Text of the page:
How Much for That Student?


The bidding war to sign Julie is good news for the Mulligans and other families of hard-working, high-scoring students. But many educators believe this competition poses a danger to the traditional, lower-income recipients of financial aid--and ultimately to some of the institutions themselves. Money awarded to high achievers, they say, will ultimately reduce funds that might have gone to needier students who, while academically qualified for top colleges, are less likely to have the highest SAT scores or class rank. Yet many colleges feel compelled to spend what it takes to enroll anyone whose numbers will improve their standing in the national rankings, which often seal their reputations among applicants.

The result, some educators fear, will be a widening chasm between a few richly endowed institutions able to buy the very best applicants and a growing legion of poorer colleges, public and private, forced to use scarce money to attract good students--money that might be better spent on a new science lab or faculty salaries, as well as on scholarships for the needy. Says Professor Gordon Winston, co-founder of the Project on the Economics of Higher Education at Williams College: "We're going to be using up these resources on the rich kids and not have any left over for the poor kids."

The weapons in this war are called "merit-based aid" and "preferential packages." The latest skirmish began in February, when Princeton University, whose $8.4 billion endowment is the largest per student of any U.S. college, announced that it would no longer require its scholarship recipients to take out loans as part of aid packages, replacing them with outright grants. This change will save individual students tens of thousands of dollars and make Princeton more attractive than some equally prestigious campuses--unless they match the offer. Some are doing just that.

According to Ron Ehrenberg, director of Cornell's Higher Education Research Institute and author of Tuition Rising: Why College Costs So Much, Princeton's move (a shift of $16 million a year in resources) is triggering similar deals at Harvard, Yale and M.I.T. Last week Dartmouth announced that grants for next year's freshmen will increase an average of $1,750 per student. Jim Bock, acting admissions dean at Swarthmore, says Princeton's move "raises the bar," adding, "We're always refining our policies."

However, ripples are also being felt at institutions that, while selective, can ill afford to bid more for top students. Pennsylvania's Dickinson College has an endowment less than one-fiftieth the size of Princeton's and must carefully husband aid. "Princeton," says Dickinson vice president for enrollment and student life Robert Massa, "has reduced the maneuverability of making a financial-aid package competitive."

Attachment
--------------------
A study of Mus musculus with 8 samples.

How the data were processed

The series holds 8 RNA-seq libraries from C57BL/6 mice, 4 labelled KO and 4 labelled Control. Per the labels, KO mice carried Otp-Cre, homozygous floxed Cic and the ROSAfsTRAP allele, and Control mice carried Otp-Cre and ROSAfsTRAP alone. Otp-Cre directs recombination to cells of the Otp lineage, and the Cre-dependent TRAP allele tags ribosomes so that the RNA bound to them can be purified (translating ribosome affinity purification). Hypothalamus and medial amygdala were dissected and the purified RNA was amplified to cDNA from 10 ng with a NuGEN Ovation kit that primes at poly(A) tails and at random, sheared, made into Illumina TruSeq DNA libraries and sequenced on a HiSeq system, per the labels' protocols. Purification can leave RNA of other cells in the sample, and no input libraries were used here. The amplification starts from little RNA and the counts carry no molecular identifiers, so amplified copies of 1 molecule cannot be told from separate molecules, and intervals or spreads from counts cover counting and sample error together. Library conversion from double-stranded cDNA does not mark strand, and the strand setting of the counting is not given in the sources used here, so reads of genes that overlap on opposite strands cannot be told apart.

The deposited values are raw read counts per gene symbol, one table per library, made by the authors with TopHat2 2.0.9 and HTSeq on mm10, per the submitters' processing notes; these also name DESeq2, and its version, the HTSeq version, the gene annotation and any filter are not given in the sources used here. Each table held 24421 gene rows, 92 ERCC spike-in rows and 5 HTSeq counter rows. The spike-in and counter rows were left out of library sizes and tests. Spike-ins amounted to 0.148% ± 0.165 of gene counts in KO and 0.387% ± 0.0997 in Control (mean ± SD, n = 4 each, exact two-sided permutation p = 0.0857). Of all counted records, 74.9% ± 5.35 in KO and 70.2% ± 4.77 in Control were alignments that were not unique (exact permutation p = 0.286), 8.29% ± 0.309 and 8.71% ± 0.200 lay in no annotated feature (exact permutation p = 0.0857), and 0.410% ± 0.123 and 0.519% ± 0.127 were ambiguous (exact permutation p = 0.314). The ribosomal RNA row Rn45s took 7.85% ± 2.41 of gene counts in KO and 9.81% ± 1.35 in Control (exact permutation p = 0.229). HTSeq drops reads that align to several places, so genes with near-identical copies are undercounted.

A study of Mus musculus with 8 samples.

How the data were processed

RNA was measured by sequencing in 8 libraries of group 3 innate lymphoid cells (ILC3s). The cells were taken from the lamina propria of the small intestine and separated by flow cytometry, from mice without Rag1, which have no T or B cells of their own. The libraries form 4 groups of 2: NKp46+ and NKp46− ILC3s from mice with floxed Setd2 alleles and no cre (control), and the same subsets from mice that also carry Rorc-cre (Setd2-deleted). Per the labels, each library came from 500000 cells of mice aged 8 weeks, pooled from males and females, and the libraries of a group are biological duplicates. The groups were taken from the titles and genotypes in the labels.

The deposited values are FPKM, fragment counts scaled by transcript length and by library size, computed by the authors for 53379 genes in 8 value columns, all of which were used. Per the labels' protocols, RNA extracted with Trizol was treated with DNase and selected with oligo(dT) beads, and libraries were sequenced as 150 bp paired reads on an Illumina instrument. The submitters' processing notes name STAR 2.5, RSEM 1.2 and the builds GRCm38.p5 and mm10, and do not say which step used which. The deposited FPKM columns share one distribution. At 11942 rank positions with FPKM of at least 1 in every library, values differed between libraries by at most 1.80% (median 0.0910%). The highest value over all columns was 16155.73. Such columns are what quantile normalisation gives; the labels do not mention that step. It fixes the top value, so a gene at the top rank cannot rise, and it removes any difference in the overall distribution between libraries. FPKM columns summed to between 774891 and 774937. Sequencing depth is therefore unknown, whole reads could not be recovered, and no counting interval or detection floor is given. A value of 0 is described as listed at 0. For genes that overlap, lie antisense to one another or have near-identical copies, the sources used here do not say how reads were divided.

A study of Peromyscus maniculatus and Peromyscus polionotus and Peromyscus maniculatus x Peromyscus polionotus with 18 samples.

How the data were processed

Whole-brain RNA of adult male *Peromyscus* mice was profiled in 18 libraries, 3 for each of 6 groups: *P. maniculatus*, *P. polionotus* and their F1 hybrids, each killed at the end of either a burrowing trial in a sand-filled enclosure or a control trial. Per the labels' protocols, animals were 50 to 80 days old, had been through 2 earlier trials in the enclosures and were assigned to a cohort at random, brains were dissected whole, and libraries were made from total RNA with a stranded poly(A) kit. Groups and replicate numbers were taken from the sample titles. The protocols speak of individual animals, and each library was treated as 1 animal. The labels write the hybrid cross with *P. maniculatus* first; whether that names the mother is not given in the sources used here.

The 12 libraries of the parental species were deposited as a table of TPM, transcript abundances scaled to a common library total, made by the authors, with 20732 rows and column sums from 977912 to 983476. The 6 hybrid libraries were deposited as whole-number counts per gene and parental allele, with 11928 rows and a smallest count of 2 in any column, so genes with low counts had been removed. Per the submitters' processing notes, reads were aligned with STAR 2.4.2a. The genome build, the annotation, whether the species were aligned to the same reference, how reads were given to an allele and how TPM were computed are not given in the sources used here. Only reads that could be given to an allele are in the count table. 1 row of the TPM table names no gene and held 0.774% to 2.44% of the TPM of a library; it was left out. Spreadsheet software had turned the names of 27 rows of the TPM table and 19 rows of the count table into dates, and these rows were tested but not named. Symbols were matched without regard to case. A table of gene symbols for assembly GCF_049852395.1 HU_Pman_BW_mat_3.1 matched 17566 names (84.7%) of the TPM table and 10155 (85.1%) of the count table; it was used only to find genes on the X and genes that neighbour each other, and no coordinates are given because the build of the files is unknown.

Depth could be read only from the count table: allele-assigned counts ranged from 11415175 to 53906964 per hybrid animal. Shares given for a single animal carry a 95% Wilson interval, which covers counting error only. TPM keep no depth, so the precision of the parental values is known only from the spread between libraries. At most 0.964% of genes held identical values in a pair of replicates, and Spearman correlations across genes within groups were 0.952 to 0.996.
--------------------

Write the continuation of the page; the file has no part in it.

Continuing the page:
This is the second time in three years Princeton has stolen a march in the tuition wars. In 1998 the university announced it would no longer count the value of an applicant family's home as part of the formula it uses to determine financial need. That change allowed many applicants to qualify for a few thousand dollars more in aid.

For most of the past half-century, financial-aid officers at selective colleges--including M.I.T. and the eight Ivies--agreed among themselves on a single method of calculating a family's ability to pay. Applicants were told what their "expected family contribution" would be. But in 1990 the U.S. Justice Department charged these colleges with price fixing. The case was settled in 1993 when the colleges agreed to stop swapping financial information about their applicants. Still, they insisted they would strive to confine aid to those who were in need.

At first, the collapse of the scholarship cartel seemed a good thing. With tuition at private colleges soaring nearly 75% during the 1990s alone, a little price competition among them seemed in order. In fact, market forces had been at work in college admissions for at least a couple of decades among the less competitive institutions, some of which needed to charge lower prices just to fill their classrooms. But since the lawsuit, a growing number of selective colleges--those whose applicants outnumber their available slots--have begun offering financial incentives regardless of need.

Ironically, the most selective colleges, often those that can best afford to give money away, benefit from a kind of Chivas Regal effect, in which buyers are willing to pay for cachet. While Princeton and a few other top colleges continue to limit aid to those in need, their actions are fueling a bidding war among schools eager to win kids away from Princeton--or any other college above them in the perceived pecking order. As a result, observes James Monks of M.I.T.'s Consortium on Financing Higher Education, "financial aid is no longer viewed as a charitable means of admitting a 'poor scholar,' but rather as a price discount to which an applicant is entitled and which is subject to negotiating and bargaining."